Three years after the release of his critically acclaimed jaw-dropper of a second solo album, A Book Of Human Language, Los Angeles MC Aceyalone is back with another compendium of urban-griot tales that takes a few steps away from the stylistic adventurousness for which he’s best known.
Whereas a dense, deep lyricism defined Human Language, as well as his 1995 solo debut, All Balls Don't Bounce, on his latest Aceyalone (pronounced A.C. Alone) makes a brisk and energizing return to what he calls "beats and rhymes, without all the heavy concepts." Titles such as "The Jabberwocky," "The Grandfather Clock" and "Arythamaticulas" typified his first two efforts, but on Accepted Eclectic he turns his golden tongue to tracks like “Golden Mic,” “B-Boy/Real McCoy,” “Rappers, Rappers, Rappers” and “Microphones” if that doesn't make it clear enough, it’s a classic hip-hop record.
"After the last album," Acey explained, "I got classified as a certain kind of artist, and I really want to work as far outside of labels as I can. I know that people need to identify with you in a certain way, but for the most part I wanted to show the other part of me so people could get a feel for me as a whole."
The production work is also fresh thanks, mostly, to Evidence of Dilated Peoples and if anything holds the album together it's Acey’s peerlessly lucid flow. To impose any sort of overarching theme onto Accepted Eclectic would imply forethought on Acey’s part and, to hear him tell it, that just wasn’t part of the process.
"There wasn’t a big concept for this album," he said. "I did that the last time [on Human Language]. This one’s sort of a catalog of ideas I’ve been working on, but I never sat down and said, ‘I’m starting this album.’"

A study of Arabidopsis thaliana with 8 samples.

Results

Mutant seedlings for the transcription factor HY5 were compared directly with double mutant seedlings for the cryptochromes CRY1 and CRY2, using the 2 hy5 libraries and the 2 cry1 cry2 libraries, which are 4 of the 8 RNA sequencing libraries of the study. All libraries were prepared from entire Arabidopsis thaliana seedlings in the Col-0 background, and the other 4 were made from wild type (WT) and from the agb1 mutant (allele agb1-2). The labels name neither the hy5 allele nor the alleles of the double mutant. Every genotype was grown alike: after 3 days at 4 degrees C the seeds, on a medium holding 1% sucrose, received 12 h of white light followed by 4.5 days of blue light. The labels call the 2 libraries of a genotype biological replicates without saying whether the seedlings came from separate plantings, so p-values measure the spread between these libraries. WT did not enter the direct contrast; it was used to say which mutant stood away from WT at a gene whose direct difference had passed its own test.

Since the early ‘90s and his role in the massively influential L.A. quartet Freestyle Fellowship whose two albums, To Whom It May Concern (1991) and Innercity Griots (1993), are cornerstones of underground hip-hop Aceyalone has consistently been front and center among the small but commanding group of "Left Coast" rap progressives. In addition to his legendary work with the Fellowship and his stellar solo albums, his collaborations with Haiku D'Etat, Dilated Peoples and, most recently, Abstract Rude (on January's Who Framed the A-Team) and his role behind the independent Project Blowed label have positioned him as a prime mover in the scene. However, it's also kept him from focusing on his own artistry.
"It takes away time, you know," Acey explained. "I would like to be able to concentrate more on my work as an artist, but I want to maintain a lot of the stuff that's going on around me. I wanna push my level of MC'ing and our crew and how we get down and all our efforts, just like anybody else does. We got a big umbrella with a lot of different viewpoints."
However, busy seems to be how Aceyalone likes it. In addition to recently completing a national tour (with Bay Area rapper Rasco) and cobbling together a long-delayed Freestyle Fellowship reunion record, Acey remains a cheerleader and motivator for the L.A. scene. And somehow, he manages to maintain his position as one of the finest MC's in the game.
"All that stuff is happening," he said through a laugh when asked about pending projects. “I got another album I'm gonna release on the heels of this one, because I've been recording so much. But it's business and business sometimes takes a while to get going. But we’re still doing our thing. It'll all happen in time."